The Maine Warden Service will be patrolling inland waterways this holiday weekend to ensure boaters are operating safely and not under the influence of alcohol or other substances.

The service is once again participating in a yearly national campaign known as Operation Dry Water, when law enforcement officers across the United States also will be making sure boats are registered, operators maintain safe speeds and occupants are wearing life jackets.

Friday through Sunday, the warden service and its partner agencies will have an increased presence on Maine waterways to foster an atmosphere of deterrence and help reduce the number of alcohol- and drug-related incidents and fatalities.

“Maine’s boating activity increases in July, and the July Fourth holiday weekend brings a high volume of recreational boating traffic to Maine’s waters,” said Mark Latti, spokesman for the Maine Department of Inland Fisheries and Wildlife.

In 2018, alcohol consumption was the leading contributing factor in recreational boating deaths and a major factor in critical incidents on the water, according to U.S. Coast Guard data.

During Operation Dry Water 2019, Maine game wardens issued 148 summonses and 467 warnings for various boating violations, Latti said.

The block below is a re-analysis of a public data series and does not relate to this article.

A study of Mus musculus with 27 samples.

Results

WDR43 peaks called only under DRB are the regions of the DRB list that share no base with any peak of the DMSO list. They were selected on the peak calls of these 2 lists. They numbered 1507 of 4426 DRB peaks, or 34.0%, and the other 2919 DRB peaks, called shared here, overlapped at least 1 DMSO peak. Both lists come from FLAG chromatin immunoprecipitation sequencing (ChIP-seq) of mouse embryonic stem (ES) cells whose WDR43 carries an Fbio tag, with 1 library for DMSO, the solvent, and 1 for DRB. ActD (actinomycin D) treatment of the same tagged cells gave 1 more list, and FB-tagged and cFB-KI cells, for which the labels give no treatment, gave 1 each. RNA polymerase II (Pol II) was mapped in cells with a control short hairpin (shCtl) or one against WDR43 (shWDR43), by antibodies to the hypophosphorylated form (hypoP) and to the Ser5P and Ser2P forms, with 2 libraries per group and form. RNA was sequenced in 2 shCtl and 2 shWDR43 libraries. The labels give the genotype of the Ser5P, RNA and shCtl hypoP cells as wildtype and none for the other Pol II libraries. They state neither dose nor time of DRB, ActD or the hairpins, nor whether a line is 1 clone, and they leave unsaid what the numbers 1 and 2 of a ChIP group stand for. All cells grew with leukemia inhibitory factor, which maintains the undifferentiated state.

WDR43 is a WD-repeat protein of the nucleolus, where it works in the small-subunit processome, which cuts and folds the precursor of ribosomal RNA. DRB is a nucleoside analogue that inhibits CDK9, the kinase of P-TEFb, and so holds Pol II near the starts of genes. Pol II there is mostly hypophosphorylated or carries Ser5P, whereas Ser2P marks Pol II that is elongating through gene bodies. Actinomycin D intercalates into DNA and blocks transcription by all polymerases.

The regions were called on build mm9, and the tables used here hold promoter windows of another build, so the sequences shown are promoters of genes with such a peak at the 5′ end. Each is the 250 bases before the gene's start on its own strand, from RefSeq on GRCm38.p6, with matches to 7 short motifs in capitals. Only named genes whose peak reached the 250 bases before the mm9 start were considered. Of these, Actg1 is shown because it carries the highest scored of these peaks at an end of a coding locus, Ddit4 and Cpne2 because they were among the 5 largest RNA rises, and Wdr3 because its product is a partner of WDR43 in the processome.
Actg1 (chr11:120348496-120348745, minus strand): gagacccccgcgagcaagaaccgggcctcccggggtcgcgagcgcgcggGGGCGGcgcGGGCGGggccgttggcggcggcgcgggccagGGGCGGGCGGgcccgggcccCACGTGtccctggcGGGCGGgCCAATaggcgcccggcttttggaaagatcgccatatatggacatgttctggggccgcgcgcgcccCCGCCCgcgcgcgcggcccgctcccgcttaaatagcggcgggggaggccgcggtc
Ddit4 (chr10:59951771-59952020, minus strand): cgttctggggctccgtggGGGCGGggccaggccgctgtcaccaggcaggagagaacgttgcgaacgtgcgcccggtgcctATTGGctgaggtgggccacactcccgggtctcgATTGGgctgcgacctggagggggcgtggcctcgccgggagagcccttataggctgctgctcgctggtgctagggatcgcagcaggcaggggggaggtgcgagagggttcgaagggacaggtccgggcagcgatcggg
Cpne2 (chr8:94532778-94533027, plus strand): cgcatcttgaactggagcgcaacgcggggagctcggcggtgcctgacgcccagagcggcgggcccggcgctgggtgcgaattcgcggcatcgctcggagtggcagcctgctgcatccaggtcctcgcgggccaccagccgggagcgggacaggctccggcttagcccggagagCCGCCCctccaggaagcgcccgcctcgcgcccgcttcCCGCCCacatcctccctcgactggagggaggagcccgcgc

They also arrested four boat operators for operating under the influence, one of whom had a blood alcohol level of .31, which is nearly four times the legal limit of .08 for adults age 21 or older.

Alcohol use among passengers is dangerous, too, the warden service noted. Intoxicated passengers may slip and fall overboard or suffer other life-threatening incidents.

The prohibition on boating under the influence also applies to drugs, including prescription medications that can make operating a recreational vessel unsafe. The warden service recommends checking with a medical professional about potential side effects of medications.

The warden service advises boaters to always wear life jackets; stay alert and aware of others on the water; and operate at speeds that are safe and reasonable for the surroundings.

“Always tell someone where you are going and when you will be back,” Latti said.

Boats can be registered at or municipal offices.